Lesbos, Greece – Refugees arriving on the island of Lesbos on Sunday told stories suggesting the Turkish government co-opted people smugglers in its policy of ushering asylum seekers west in Europe.
A group of 28 Syrians and people of several African nationalities sat on the beach near the Mytilene airport under the watchful eye of police, waiting to be taken for registration.
A man from Sierra Leone happened to be walking past the beach at the time. “I asked if I could go and they said, ‘You can go.’ I didn’t have to pay anything,” he said.
The rubber dinghy that the men arrived in was bobbing in the shallows. Police removed its outboard engine.
These experiences suggest that Turkish smugglers have been co-opted to pursue a government policy of pushing people west, but it is unclear who is paying the smugglers.
Greek government spokesman Stelios Petsas said in a statement, “Instead of curtailing networks of people smugglers, Turkey has itself become a smuggler.”
By Sunday evening, more than 500 people had arrived on Greece‘s eastern Aegean islands of Samos, Chios and Lesbos in 13 separate boats, and rescue operations were continuing.
It was a significant rise on the 151 who arrived by boat on Saturday, and the first day of significant arrivals since Turkey opened its borders towards Europe on Thursday.
Greece closes the door
In its most dramatic reaction during the crisis to date, Greece’s prime minister announced he was freezing asylum applications following a meeting of the National Security Council.
“As of now, we will not be accepting any new asylum applications for one month,” Kyriakos Mitsotakis tweeted on Sunday evening. Greece is already processing 125,000 applications and appeals.
Greece is also invoking Article 78 of the Treaty on the Functioning of the European Union, which allows the EU to provide Greece with assistance in an “emergency situation characterised by a sudden inflow of nationals of third countries”.
Petsas described the influx of refugees since Thursday as a “sudden, massive, organised and concerted pressure of population movement from the east”.
“This [population] movement is being encouraged and directed by Turkey, against its obligations under the EU-Turkey Statement,” Petsas said.
The Statement, signed in March 2016, committed the EU and Turkey to protect their common borders and accept returns of third-country nationals who do not qualify for protection.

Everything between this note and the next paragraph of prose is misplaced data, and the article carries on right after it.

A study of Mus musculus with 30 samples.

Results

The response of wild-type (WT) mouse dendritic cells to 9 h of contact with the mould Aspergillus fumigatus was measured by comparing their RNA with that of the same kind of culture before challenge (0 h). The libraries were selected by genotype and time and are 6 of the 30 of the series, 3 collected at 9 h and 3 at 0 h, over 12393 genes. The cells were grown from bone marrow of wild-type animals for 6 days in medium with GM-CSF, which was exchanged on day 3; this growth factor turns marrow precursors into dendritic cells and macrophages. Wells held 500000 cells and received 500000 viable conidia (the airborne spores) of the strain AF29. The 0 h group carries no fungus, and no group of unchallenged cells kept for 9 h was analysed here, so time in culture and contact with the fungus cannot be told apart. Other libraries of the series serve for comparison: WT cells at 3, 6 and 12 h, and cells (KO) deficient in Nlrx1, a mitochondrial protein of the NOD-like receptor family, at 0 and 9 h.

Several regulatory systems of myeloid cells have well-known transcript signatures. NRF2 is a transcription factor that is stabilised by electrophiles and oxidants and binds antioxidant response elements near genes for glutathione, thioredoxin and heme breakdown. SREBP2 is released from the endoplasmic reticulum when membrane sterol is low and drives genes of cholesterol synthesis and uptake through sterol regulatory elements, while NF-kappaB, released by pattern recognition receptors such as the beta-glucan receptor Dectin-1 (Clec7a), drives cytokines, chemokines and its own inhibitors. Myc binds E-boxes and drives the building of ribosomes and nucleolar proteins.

The government has also announced that due to its concerted and deliberate nature, the latest influx of refugees “has nothing to do with international asylum law, which only concerns individual cases”.
Greece will, therefore, start deporting new arrivals to their home countries whenever possible, without identifying them and recording their arrival, as is the usual procedure.
Sunday’s ramped up arrivals on Lesbos were not enough to create a logistical problem for the authorities, but enough to make some of the people of the island anxious that they may once again face the type of uncontrolled refugee flows experienced in 2015.
The EU’s relocation programme, under which other bloc states took on some of Greece’s asylum-processing burden, is gone.
This time refugees will have nowhere to go but Greece, which is already processing 125,000 applications and appeals.
Some local residents blocked police vehicles from Moria camp, where new arrivals are normally registered. Others massed at the small fishing harbour of Thermi to prevent refugees from disembarking from a dinghy the coastguard towed there.
Residents of Lesbos are not just angry that Turkish President Recep Tayyip Erdogan has attempted to weaponise refugees by directing them towards Europe.
They are angry at the Greek government for not having a more effective policy, after coming to power last July promising to put migration under control.
Part of the New Democracy government’s harder refugee policy has been to allow their numbers to build up on the islands as a way of discouraging further arrivals.
Their numbers on the islands of Lesbos, Chios, Leros, Kos and Samos, which have reception centres, have more than doubled since the election eight months ago to 42,000.
“The government talked about evacuating people, and instead they’ve allowed people to pile up. Our quality of life has not improved,” municipal councillor Tasis Balis told Al Jazeera.
“We can’t use the hospital as we did before. We don’t have the personnel and equipment to pick up the extra rubbish. When refugees queue up at the ATM, we can’t get to it.”
The government is trying to cycle people off the islands by speeding up their asylum processing. It has drawn a line under all the applications filed last year, and has asked the asylum service to process all new ones in under two months, in an effort to send rejected applicants back to Turkey as quickly as they arrive.
This has created unhappiness among older applicants and caused them to riot earlier this year.
“We had an interview this month, 26 February, but they don’t take interview. They say we only take interview from people from this year and we have an interview in 10 months,” Abdul Habib, an Afghan man, told Al Jazeera. He and his wife and two underage sons are living in a tent pitched in an olive grove at Moria camp.
It is also now anyone’s guess whether Turkey will honour its word to receive returnees, given the new political climate. Turkey and the EU signed a mutual exchange of illicit migrants in March 2016.
Even those who receive asylum have to wait to leave Lesbos. Safir and his family qualified for asylum because he worked as a security guard for US forces in Afghanistan.
“We’ve all received asylum. We’re just waiting for the tickets to leave. We’ve been waiting two months,” he said.